First impressions on (Common) Lisp

Because it’s good to learn a new Language, because lispers seem convinced that it’s the most powerful language ever, and because it’s supposed to be some sort of programming religious experience[1], I decided to give Lisp a try.

Since I had sincere hopes of end up using it on professional projects, after looking around I leaned towards Common Lisp, and particularly the book Practical Common Lisp by Peter Seibel. After the first 9 chapters, I’m somewhat disappointed. I’m guessing this is partly because of my high expectations and partly because most of lisp’s “cool” features are getting less and less uncommon as languages advance[2]. These are my first impressions.

It’s not readable. Strangely enough I don’t mind all the parentheses nor the prefix notation; I get that they’re part of what makes Lisp so powerful and actually got used to it pretty quickly. Still, the language is overall pretty cryptic, even for things that could with no effort be a lot clearer (t/nil instead of true/false?). It might not be for experienced Lisp programmers, but, well, if it’s readable only for the experienced, then it’s not readable.

Some examples from the first chapters of the book:

(format t "~{~{~a:~10t~a~%~}~%~}" *db*)


(defmacro where (&rest clauses)
  `#'(lambda (cd) (and ,@(make-comparisons-list clauses))))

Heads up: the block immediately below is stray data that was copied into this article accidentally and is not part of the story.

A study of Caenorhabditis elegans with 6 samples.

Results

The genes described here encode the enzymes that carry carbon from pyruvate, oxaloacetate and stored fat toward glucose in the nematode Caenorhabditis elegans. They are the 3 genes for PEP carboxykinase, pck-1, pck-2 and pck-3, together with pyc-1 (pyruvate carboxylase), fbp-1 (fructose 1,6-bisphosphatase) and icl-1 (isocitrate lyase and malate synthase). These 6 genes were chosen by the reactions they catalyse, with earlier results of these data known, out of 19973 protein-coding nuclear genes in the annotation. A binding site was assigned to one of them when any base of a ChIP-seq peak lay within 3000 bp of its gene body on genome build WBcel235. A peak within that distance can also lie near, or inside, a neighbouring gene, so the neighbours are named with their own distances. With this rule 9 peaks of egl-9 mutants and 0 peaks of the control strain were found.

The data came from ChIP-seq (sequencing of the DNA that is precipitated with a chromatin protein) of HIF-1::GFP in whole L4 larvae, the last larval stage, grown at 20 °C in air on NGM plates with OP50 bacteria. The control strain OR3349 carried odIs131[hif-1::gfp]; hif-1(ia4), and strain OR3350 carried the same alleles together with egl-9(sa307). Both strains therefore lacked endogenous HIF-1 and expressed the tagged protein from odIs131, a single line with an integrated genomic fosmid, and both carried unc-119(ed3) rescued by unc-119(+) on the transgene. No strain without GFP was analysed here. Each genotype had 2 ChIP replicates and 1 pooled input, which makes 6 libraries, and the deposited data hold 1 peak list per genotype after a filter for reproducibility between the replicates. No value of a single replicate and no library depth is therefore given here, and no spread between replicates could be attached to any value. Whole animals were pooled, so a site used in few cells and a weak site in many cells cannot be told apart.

Suddenly Perl isn’t looking that bad.

The operators set is huge. That’s not good news for me. I like languages that have a small, orthogonal, easy-to-remember set of built-in operators, and good libraries built on top of them. This is the case of C and Python, and not of Lisp, which seems to have loads of built-in operators, between special operators, functions and macros. In the first chapters of the book, every bit of code introduces a couple of new ones. This not only makes it hard to keep track of them, but without seeing a thorough reference, I have no idea on what to expect to be available as a built-in and what I’m supposed to write myself.

From what I read, that small core is there somewhere, but at least this books makes it look like it’s too low level to get anything done with it, and instead uses the macros built on top of it.

…and it’s not orthogonal. There seems to be way too many operators for the same purposes but with slightly different behaviors. The most evident case of this is the equality: =, CHAR=, EQ, EQL, EQUAL, and EQUALP. Seriously?

…and some names are really, really bad. MACROEXPAND-1, LET and LET* (a common pattern for slightly different operators), Y-OR-N-P, etc.

It’s not intuitive. As a consequence of the previous points, it gets really hard to guess my way through a piece of code; instead I have to look up most operators. Anytime a new operator was introduced in the book, it worked different from what I expected.

Macros look promising. They certainly do; after catching just a glimpse of what can be done with them, macros look like a powerful tool that one can get quickly used to, and will miss in other languages. I particularly enjoy the way they’re used in the book as the driving technique to constantly refactor code, built bottom-up.

I’m aware that most of this issues would go away after some time using the language, but taking in account the downside of being not so widely used as other languages (meaning less documentation, less libraries, less users, etc.) so far it’s not looking like one I’d use for more than one or two projects. It might make sense for me to check out some other Lisp dialects, like Scheme or Clojure.

[1] Eric Raymond, How To Become A Hacker.
[2] Paul Graham, Revenge Of The Nerds.